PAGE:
Judge Franck Tabouring knows his mom is proud of him. He also knows she's happy that he's out of her house. In the end, so is he.
You have to fight for the right to never grow up.
I often disagree with how the big studios handle the theatrical distribution of smaller films, but in the case of Mama's Boy, Warner Bros. did just the right thing. Instead of releasing it nationwide, Warner threw the movie into a limited number of theaters before quickly putting it out on DVD. I guess they realized a little too late that this film was not going to pull in a significant profit. Mama's Boy is not necessarily the disaster I expected it to be, but it's definitely not good enough to keep viewers engaged.
Facts of the Case
Jon Heder (Napoleon Dynamite) jumps into the role of Jeffrey Mannus, a 29-year-old slacker who still lives with his mother Jan (Diane Keaton, Annie Hall). Ever since the accidental death of his father, Jeffrey has been keeping his solemn promise to always protect his mother and never leave her side. But when Jan falls for the charming success coach Mert Rosenbloom (Jeff Daniels, Dumb & Dumber), Jeffrey faces his biggest challenge yet. Realizing he may soon have to move out and finally become an adult, he engages in an evil scheme to kick Mert out of his mother's life for good. Let the battle begin…
Mama's Boy is just another lame movie about a weirdo trying to get rid of his mother's new lover. Boasting a lackluster script with shallow characters and practically no jokes at all, Tim Hamilton's directorial debut offers us nothing we haven't already seen many times before. Essentially, the main story line focuses on an ignorant jerk who refuses to grow up and thinks his immature actions are actually protecting his mother. Consequently, he spends most of the movie trying to bring down her new boyfriend, realizing only at the very end that he's only made things worse. The story couldn't be more predictable.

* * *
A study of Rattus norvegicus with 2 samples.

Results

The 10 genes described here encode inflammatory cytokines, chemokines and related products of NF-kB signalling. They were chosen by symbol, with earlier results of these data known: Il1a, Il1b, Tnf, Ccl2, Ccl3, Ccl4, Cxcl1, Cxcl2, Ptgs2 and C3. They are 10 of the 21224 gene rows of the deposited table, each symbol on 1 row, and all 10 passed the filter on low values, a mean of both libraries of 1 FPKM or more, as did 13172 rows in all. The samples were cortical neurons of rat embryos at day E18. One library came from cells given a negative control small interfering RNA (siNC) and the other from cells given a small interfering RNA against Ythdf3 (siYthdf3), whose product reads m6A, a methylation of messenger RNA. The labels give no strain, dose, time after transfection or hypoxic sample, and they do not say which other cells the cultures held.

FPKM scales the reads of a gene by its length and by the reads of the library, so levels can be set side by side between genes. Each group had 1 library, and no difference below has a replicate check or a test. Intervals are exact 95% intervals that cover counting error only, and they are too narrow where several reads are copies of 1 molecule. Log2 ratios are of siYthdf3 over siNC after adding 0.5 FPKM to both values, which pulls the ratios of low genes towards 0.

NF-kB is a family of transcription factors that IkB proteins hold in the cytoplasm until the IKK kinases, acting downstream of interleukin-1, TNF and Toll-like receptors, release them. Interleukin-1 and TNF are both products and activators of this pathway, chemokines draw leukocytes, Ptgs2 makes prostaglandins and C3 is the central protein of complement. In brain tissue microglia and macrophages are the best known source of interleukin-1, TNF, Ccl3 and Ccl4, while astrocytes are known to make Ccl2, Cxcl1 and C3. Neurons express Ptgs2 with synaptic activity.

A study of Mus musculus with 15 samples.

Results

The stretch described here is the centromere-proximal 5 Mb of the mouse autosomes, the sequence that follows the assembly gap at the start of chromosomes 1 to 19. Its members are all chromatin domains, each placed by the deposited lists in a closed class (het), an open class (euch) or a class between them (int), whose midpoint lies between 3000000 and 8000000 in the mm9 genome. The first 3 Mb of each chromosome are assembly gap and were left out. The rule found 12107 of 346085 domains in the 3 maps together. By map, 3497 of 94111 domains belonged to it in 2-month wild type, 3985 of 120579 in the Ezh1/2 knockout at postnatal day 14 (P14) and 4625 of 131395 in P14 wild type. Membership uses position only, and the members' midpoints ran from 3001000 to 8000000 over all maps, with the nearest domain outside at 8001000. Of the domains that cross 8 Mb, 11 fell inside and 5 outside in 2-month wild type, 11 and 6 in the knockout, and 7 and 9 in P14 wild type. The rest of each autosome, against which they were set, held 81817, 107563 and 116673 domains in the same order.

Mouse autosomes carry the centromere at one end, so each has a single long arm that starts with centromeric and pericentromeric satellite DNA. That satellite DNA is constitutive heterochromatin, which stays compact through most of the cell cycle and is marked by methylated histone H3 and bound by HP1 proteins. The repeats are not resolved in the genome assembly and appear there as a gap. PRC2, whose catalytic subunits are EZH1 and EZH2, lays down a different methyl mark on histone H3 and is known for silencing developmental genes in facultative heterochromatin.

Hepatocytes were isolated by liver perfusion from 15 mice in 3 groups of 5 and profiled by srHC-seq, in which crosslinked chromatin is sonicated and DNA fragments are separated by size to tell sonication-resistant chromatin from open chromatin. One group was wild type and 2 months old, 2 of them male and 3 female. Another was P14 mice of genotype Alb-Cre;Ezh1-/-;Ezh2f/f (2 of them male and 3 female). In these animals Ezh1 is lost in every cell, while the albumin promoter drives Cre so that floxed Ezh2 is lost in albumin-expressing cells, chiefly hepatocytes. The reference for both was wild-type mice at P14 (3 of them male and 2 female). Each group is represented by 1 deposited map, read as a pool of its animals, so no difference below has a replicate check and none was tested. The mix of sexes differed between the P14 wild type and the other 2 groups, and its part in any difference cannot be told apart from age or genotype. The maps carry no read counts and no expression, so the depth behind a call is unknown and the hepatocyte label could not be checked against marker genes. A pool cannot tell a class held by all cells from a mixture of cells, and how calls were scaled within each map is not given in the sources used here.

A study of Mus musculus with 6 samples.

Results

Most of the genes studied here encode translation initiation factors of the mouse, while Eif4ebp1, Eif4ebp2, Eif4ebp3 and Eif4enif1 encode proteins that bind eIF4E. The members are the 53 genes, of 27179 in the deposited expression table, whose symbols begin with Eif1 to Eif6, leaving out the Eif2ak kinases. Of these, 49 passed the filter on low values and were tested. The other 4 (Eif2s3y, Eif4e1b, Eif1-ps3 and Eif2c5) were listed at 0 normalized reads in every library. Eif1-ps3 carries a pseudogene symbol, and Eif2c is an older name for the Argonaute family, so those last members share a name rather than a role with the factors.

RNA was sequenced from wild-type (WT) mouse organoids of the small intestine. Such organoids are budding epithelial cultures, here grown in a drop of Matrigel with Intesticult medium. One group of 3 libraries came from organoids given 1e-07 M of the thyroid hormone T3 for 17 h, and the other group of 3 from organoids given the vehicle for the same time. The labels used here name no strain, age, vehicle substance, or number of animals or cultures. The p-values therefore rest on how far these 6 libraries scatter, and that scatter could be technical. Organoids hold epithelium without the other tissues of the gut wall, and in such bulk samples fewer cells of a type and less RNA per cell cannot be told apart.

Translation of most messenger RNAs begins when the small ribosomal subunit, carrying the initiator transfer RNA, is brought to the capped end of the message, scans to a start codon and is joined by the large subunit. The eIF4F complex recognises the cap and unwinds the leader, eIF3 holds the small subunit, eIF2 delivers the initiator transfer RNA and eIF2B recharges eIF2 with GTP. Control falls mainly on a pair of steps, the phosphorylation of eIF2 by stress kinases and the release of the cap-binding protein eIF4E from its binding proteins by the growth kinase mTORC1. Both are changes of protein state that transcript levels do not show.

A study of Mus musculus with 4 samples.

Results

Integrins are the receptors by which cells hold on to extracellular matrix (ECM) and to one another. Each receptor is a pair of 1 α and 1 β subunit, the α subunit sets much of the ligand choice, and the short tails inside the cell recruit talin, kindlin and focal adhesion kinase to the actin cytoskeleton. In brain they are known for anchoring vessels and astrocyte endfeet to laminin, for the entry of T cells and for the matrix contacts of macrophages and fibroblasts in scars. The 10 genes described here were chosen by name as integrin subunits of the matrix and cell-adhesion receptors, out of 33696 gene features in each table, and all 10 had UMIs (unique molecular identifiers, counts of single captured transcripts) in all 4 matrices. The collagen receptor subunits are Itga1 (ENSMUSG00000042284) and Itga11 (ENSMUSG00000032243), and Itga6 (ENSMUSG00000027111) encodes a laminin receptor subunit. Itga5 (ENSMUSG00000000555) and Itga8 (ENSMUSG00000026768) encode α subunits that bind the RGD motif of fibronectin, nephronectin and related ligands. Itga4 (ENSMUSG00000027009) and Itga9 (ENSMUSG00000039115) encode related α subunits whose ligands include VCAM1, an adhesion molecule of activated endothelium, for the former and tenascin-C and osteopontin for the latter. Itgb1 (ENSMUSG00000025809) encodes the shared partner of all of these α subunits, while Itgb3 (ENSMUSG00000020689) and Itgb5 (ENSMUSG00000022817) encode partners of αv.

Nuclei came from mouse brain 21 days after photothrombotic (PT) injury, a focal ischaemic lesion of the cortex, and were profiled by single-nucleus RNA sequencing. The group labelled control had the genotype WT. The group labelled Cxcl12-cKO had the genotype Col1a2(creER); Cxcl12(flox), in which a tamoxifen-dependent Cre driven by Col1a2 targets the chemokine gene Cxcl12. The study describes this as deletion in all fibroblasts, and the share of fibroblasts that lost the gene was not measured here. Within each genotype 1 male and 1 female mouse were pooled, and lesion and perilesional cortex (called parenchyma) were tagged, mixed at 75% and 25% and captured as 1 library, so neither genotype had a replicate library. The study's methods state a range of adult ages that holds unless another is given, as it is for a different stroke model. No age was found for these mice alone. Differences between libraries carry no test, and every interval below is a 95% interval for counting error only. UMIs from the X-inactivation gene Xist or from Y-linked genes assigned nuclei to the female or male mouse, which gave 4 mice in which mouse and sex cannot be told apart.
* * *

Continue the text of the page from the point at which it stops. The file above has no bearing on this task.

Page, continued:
One of the things I really couldn't stand in this movie was the slow-paced plot. The film slips into a state of boredom after the first 30 minutes, making the remaining hour seem like an eternity. Although Hamilton's direction doesn't speed up things in any way, the real problem is the simplistic script by Hank Nelken, the guy who also brought us the atrociously bad "Are We Done Yet?" His empty characters stumble through the entire movie exposing their eccentric behaviors, but none of them are awkward enough to make viewers laugh. They are rather stereotypical and very bland, and so are their relationships.
Then there's the war between Jeffrey and Mert, which couldn't be more monotonous. Both act like complete retards throughout, trying to push Jan to kick one of them out of her house. Again, predictability kicks in, and again, the viewer is left with absolutely nothing to get excited about. Part of the flick also focuses on Jeffrey spending some time with his new acquaintance Nora Flannigan (Anna Faris), a singer who dreams of becoming an international star. I applaud the screenwriter's intention of creating a character who tries to steer Jeffrey into the right direction, but Heder and Faris quite simply don't share any chemistry.
This quickly leads me to the acting. In the role of Jeffrey, Heder does what he always does, but with less energy and wit. He plays yet another idiot who's too retarded to grow up but ends up learning a valuable lesson in the end. As far as Keaton is concerned, she already had her share of disastrous comedies. Her performance as Jeffrey's mother is not worth mentioning. Faris' character spends most of the time singing blatant songs about corporate America, but she adds little interest to the story. The only two actors to bring a little juice to the party are Jeff Daniels and the great Eli Wallach.
Warner Bros. chose to slam both a widescreen and full-screen version onto this one DVD, and I don't blame them. I didn't check the full-screen version because I've simply had enough after watching it once, but the widescreen transfer is clean throughout. The film features mostly dialogue and only a few musical pieces, but the audio transfer works just fine as well.
The special features section on the disc is rather lame, although I was glad not to have to sit through more boring stuff. The bonus material contains some mediocre additional scenes and a rather dull commentary by Tim Hamilton. I didn't listen to all of it, but Hamilton seemed to have really liked Nelken's script. What I listened to was not awful, but it was not particularly enlightening, either. It's always hard to get interested in a commentary if you pretty much hate the feature film. Filmmakers who plan on going into directing may learn quite a few things from him, though.
Skip this sucker. It's not worth your time or money. Jon Heder, you're grounded!